Crack, sss, pop. Egg to oil. Toast in, toast out. Gliding smooth, buttery-knife, toasted bread warmth wafts up. Rough, brown-striped towel, wipe the oil of fingers, hearts and worries off. It’s breakfast for dinner. Black smoke billowing from oven-crisped bacon, doors and windows thrown open to drizzle-y cold rain with icy fingers licking the edges. Ring in and breathe in the new year air.
Eyes on frying pan and toaster, I slip open, slide out the bookmark, and drink in these words,
My mother said, “I don’t want to watch this.” So I followed her into the kitchen and we sat there listening to the pandemonium and the wind and the rain. Then my mother said, “The wash!” which we had forgotten. She said, “Those sheets must be so heavy that they’re dragging in the mud, if they haven’t pulled the lines down altogether.” That was a days work lost for her, not to mention the setting hens and the fryers. She closed one eye and looked at me and said, “I know there is a blessing in this somewhere.” We did have a habit of sometimes imitating the old man’s way of speaking when he wasn’t in the room. Still, I was surprised that she would make an outright joke about my grandfather, though he’d been gone a long time by then. She always did like to make me laugh.”
–Gilead, Marilynne Robinson, pg 35
Pfff. Up pops the toast. I put it down again. 1 1/2 times seems to work the best. I can’t read the worn numbers on the settings and don’t want too. 1 1/2 times down is perfect. Eggs up and over, eggs done. I stick them into the still-warm oven, next to the bacon, my crock-ware plate hot to the touch. Raspy, paper towel soaks up the excess oil. Crack, sss, pop. Three eggs in the pot.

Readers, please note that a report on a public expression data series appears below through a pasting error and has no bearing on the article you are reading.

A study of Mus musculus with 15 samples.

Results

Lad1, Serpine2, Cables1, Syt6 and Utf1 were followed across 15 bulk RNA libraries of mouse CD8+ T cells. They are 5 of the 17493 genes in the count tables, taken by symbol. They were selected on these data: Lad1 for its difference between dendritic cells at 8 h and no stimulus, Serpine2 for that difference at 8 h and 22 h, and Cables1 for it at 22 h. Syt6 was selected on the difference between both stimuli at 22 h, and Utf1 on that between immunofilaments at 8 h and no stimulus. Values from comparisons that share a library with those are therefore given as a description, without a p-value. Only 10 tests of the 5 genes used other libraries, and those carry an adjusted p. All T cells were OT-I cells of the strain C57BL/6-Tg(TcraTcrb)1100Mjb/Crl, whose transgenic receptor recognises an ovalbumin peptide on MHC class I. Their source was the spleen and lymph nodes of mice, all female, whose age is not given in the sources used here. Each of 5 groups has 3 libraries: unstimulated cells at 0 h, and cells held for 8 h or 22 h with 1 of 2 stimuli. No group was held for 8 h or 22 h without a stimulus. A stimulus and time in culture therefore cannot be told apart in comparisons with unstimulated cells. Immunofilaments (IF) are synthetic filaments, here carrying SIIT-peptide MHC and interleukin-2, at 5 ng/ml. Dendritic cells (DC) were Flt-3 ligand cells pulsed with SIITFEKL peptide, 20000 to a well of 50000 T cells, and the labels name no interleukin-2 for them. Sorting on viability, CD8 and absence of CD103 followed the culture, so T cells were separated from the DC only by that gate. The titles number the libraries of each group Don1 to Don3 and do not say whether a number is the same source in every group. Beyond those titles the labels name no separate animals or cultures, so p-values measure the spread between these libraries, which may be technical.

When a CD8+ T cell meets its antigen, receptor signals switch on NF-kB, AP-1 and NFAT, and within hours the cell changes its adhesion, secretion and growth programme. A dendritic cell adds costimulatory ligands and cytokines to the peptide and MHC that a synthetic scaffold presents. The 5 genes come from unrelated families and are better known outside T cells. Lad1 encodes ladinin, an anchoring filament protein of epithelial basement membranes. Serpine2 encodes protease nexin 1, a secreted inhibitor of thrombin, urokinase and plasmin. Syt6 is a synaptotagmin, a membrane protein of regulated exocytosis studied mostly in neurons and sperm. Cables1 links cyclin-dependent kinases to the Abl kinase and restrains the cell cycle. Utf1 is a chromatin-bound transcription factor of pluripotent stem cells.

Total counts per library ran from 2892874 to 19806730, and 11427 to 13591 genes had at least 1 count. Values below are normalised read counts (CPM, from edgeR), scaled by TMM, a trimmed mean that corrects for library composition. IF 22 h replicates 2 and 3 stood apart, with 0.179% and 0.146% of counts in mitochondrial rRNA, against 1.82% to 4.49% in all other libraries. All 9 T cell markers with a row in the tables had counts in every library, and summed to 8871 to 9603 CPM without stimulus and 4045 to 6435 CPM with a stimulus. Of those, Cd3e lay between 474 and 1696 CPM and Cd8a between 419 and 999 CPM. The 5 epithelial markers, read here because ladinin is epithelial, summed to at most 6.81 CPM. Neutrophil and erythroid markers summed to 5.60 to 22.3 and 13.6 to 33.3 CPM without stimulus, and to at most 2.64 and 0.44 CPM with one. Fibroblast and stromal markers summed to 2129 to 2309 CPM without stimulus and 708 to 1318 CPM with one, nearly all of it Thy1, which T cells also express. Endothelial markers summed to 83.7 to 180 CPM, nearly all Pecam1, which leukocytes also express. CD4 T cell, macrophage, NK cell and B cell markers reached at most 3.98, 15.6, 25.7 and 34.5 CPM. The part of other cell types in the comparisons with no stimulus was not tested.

The sounds of the house are, besides my cooking, low murmurs of voices, the wood pellet stove humming, a cackle or two from a movie. Smoke still lingers in the air, few evergreen bits on floor, Christmas tree was put to rest today. The twinkle lights still live on though, light being a source of sanity in the northern parts of this wintry world.
Flipping, buttering, oven door opening, my mind flits through this day. Late night makes for late mornings, holiday break lingering just a bit longer here, blocks, books, and a few random stray balloons, bits of joy for my children’s moments.
Laundry, hot and dry, piles for me. “I know there is a blessing in this somewhere.” rings true through the tears, conversations, and greasy moments of today, each day. Even though, I’m not sure the narrator of Gilead, John Ames, particularly cared for his grandfather’s militantly positive outlook, there is indeed a blessing to be found in ones laundry piles, ones head cold, ones icy roads, and cancelled dinner dates. Just what that is, we don’t always know, or maybe *gasp* never find out, or if we are really truly looking or stilling ourselves, we just might see the edge of some sort of blessing.
The frost-fringed, foggy, wonderland winterscape as we crawl along iciness back home, the warmth of a loved ones raiment, a bit of fresh and sunshine next to skin. The moments with nothing in them. Have you ever felt yourself bored or anxious when there is nothing next? I wonder why. Nothing next can be good. The moments of illness that have us closing our eyes, sipping and breathing the steaming tea, resting in the stillness of the Savior. Be still, and Know.
Blessings in the slightly greasy, yet beautiful moments of life. January days are here.